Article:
If your child is injured by a defective crib, you may be entitled to compensation from the manufacturer, retailer, or distributor of the crib. Defects in cribs can occur in the manufacturing process. Cribs have been the subject of many recalls when they create a risk to the safety of children. Regulations attempt to make cribs safer for children.
Defective Cribs Presenting Potential for Child Injuries
The modernization of the construction of cribs over the years has made tending to young children easier on parents. With these improvements have come problems. Some defects in the cribs created potential hazards to children.
Federal Regulations Setting Standards for Crib Manufacturers
Effective June 28, 2013, the U.S. Consumer Product Safety Commission (CPSC) put into place standards for crib manufacturers. Cribs that do not meet these standards violate federal law. The standards include the following requirements:
- No more than two and three-eighth inches between slats
- No loose or missing slats
- No decorative corner that extends one-sixteenth of an inch or more above the post
- No lead-paint coat
- No odd or sharp cut-outs in the headboard that could potentially snag a child’s limbs or clothing
Crib manufacturers must include proper instructions and diagrams for assembling cribs. Federal law also requires warning labels.
Defects in Cribs That Create Dangers to Children
Defects found in cribs include:
- Drop-side cribs creating gaps
- Hardware failures allowing portions of mattresses to fall or a gap to form
- Slats separating from headboards
- Gaps between side rails and crib mattress supports
- Spindles loosening and detaching
- Paint with high levels of lead
- Chipping paint
What type of injuries can these defects cause?
- Head entrapment
- Laceration of fingers
Drop-Side Cribs Banned Effective June 2011
Manufacturers designed drop-side cribs to make it easier for parents to place infants in and out of cribs. Unfortunately, the sides could chip or break, causing a gap between the mattress and the drop-side of the crib. This created a risk of suffocation or strangulation of a child.
Millions of drop-side cribs were recalled. Thousands of children were injured, and dozens of children died. The United States banned drop-side cribs as of June 2011. Day-care centers and hotels had one year to replace drop-side cribs.
Infant Travel Beds Recalled Because of a Risk of Suffocation
In November 2012, nearly 220,000 infant travel beds were recalled after the death of a child and reports of other children getting trapped. The danger was that infants could roll between the air mattress and the tent’s fabric sides. This could lead to suffocation.
Cribs Recalled Because of a Risk of Entrapment and Strangulation
In June 2008, over 300,000 wooden cribs were recalled after reports of crib slats and spindles breaking, resulting in children becoming entrapped in the resulting gaps. In June 2008, the recall expanded to include over 50,000 more wooden cribs because slats could break, creating a gap and posing a danger of entrapment and strangulation.
If your child is injured by a defective crib, call Newsome Melton at 888-808-5977.
What Parents Can Do To Prevent Crib Injuries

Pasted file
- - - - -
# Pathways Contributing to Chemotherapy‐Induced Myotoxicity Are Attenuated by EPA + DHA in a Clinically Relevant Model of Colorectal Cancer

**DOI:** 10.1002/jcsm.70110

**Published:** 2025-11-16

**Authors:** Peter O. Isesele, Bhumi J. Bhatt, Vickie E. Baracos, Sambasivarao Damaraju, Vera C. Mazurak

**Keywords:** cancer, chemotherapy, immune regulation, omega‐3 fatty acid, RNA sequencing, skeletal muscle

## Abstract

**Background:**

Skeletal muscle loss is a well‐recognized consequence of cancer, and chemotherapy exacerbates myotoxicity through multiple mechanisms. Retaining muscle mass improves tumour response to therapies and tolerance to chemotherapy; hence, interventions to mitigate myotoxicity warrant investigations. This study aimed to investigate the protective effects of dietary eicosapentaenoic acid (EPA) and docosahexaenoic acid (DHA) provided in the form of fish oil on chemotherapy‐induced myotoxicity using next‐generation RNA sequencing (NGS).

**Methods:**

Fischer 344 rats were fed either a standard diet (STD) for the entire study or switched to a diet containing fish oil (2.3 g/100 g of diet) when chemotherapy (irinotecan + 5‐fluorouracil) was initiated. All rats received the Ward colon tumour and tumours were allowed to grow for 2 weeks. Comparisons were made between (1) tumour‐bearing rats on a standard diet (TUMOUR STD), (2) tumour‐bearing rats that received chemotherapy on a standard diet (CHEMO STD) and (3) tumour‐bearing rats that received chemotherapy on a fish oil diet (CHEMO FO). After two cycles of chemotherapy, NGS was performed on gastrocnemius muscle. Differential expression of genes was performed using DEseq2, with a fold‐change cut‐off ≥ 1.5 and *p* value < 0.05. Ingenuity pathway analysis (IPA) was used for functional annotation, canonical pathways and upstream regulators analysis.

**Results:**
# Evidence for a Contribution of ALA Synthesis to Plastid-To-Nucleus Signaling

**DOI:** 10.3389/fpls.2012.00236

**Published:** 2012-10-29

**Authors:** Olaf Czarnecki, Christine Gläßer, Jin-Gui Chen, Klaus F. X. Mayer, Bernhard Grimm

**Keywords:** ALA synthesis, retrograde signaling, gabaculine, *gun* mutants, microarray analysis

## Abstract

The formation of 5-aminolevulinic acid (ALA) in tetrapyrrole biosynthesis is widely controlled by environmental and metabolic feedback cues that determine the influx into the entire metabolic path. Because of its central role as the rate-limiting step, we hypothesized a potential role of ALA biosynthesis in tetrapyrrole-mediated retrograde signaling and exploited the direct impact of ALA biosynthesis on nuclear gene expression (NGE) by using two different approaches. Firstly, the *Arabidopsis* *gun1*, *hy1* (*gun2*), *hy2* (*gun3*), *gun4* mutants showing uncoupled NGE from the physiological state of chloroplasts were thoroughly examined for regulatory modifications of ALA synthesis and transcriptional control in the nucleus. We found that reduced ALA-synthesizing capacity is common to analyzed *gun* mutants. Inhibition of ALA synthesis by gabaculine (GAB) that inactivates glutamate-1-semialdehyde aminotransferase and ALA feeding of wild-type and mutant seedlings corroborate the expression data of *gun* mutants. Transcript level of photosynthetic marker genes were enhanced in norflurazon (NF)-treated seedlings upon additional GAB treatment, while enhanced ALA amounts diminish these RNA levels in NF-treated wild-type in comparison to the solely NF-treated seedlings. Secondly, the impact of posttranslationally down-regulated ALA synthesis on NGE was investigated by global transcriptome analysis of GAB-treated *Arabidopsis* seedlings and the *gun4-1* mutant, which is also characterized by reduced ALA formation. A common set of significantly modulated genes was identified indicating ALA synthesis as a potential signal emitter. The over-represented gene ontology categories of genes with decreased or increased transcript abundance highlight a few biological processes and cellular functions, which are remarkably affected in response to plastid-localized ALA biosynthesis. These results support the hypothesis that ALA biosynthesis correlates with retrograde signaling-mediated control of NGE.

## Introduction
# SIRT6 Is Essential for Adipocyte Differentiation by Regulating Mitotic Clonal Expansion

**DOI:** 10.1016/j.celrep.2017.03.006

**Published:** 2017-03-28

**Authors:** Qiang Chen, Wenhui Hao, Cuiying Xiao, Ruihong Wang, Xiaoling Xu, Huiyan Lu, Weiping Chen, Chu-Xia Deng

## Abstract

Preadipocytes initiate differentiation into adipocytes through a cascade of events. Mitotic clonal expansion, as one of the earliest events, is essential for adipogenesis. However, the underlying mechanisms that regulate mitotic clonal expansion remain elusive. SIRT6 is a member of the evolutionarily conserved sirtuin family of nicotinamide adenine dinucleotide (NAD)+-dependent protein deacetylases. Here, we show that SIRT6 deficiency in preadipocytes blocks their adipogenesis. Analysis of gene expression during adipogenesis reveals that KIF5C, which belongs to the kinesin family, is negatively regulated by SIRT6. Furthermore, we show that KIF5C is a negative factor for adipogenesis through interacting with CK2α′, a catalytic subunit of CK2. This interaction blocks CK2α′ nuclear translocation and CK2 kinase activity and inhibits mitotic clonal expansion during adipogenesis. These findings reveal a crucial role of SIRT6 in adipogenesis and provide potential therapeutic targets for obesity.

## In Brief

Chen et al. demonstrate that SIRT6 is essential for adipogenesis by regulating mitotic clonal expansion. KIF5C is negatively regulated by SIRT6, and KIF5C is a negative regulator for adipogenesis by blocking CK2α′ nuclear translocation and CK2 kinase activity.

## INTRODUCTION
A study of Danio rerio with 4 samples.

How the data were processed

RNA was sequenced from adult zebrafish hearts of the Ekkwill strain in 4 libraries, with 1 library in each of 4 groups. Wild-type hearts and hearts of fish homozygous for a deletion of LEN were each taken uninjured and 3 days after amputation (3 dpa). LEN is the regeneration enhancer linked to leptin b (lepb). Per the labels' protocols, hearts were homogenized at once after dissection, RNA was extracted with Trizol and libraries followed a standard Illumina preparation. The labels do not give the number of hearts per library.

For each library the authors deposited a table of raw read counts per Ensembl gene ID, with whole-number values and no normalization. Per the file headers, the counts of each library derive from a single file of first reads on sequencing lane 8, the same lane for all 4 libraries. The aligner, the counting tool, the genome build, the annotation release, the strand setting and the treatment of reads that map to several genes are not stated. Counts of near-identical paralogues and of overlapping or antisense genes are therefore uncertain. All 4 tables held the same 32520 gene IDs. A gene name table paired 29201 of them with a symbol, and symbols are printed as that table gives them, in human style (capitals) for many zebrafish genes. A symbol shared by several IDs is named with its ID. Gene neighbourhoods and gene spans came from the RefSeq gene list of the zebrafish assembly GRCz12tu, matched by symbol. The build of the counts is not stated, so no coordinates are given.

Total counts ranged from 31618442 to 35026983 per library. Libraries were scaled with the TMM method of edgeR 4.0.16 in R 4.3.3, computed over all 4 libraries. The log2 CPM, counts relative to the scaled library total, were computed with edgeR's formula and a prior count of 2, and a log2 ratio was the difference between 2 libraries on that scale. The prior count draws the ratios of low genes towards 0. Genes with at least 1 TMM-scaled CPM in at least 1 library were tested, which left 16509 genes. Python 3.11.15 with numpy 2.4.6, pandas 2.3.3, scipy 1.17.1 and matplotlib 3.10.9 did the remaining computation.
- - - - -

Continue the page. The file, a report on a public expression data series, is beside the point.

When buying a crib, check to see if the crib model has been recalled. A list of recalled cribs is on the CPSC’s website (www.cpsc.gov). Checking the recall list is particularly important if you are buying a used crib at a yard sale, at a flea market, or on a website such as eBay.
When buying a crib, there are things you can do to protect your child. Here are some tips:
- The crib should be made after June 28, 2011, when safety standards went into effect.
- A soda can should not easily fit between the slats.
- There should be no corner post extension or cut-outs.
- All screws and bolts should be tight.
- No rivets, nuts, or knobs should protrude.
- There should be no gap between the side of the crib and the mattress.
- The wood should be free of splinters.
- All painting should be lead-free, and the paint should not crack or peel.
- The lowered crib sides should be at least nine inches above the mattress support, and the raised crib sides should be at least 26 inches above the mattress support.
- Avoid drop-side cribs.
Other precautions to take include:
- Use a tight-fitting mattress.
- Keep the crib a safe distance from windows or shelves.
- Do not place pillows and stuffed animals in the crib.
- Place the child on his or her back to reduce the possibility of sudden infant death syndrome.
Filing a Product Liability Suit Based on a Defective Crib
If your child is injured or dies in a crib, you may be entitled to compensation from the manufacturer, retailer, or distributor.
What Must Be Shown to Succeed in a Product Liability Suit
In your product liability suit, you must show that you used the crib in the manner intended. Three causes of action in your products liability suit are strict liability, negligence, or a breach of warranty. To prevail on a strict liability claim, you do not have to prove negligence. You must prove the crib was defective and that the defect caused your child’s injury. You may also contend that the warnings provided by the manufacturer were not adequate.
What Damages You Can Recover in a Product Liability Suit
In a product liability case, you can recover your child’s medical expenses. This includes any future medical expenses and rehabilitation costs for the child. You can also recover for the child’s loss of earning capacity and the child’s pain and suffering. In some cases, you can recover punitive damages, which are damages designed to punish the manufacturer, retailer, or distributor.
If your child died from his or her injuries, you can file a wrongful death action. You may recover the same damages as if the child had survived.
If your child is injured by a defective crib, call a defective baby crib injury lawyer at Newsome Melton at 888-808-5977 for a free consultation or make an appointment on our website.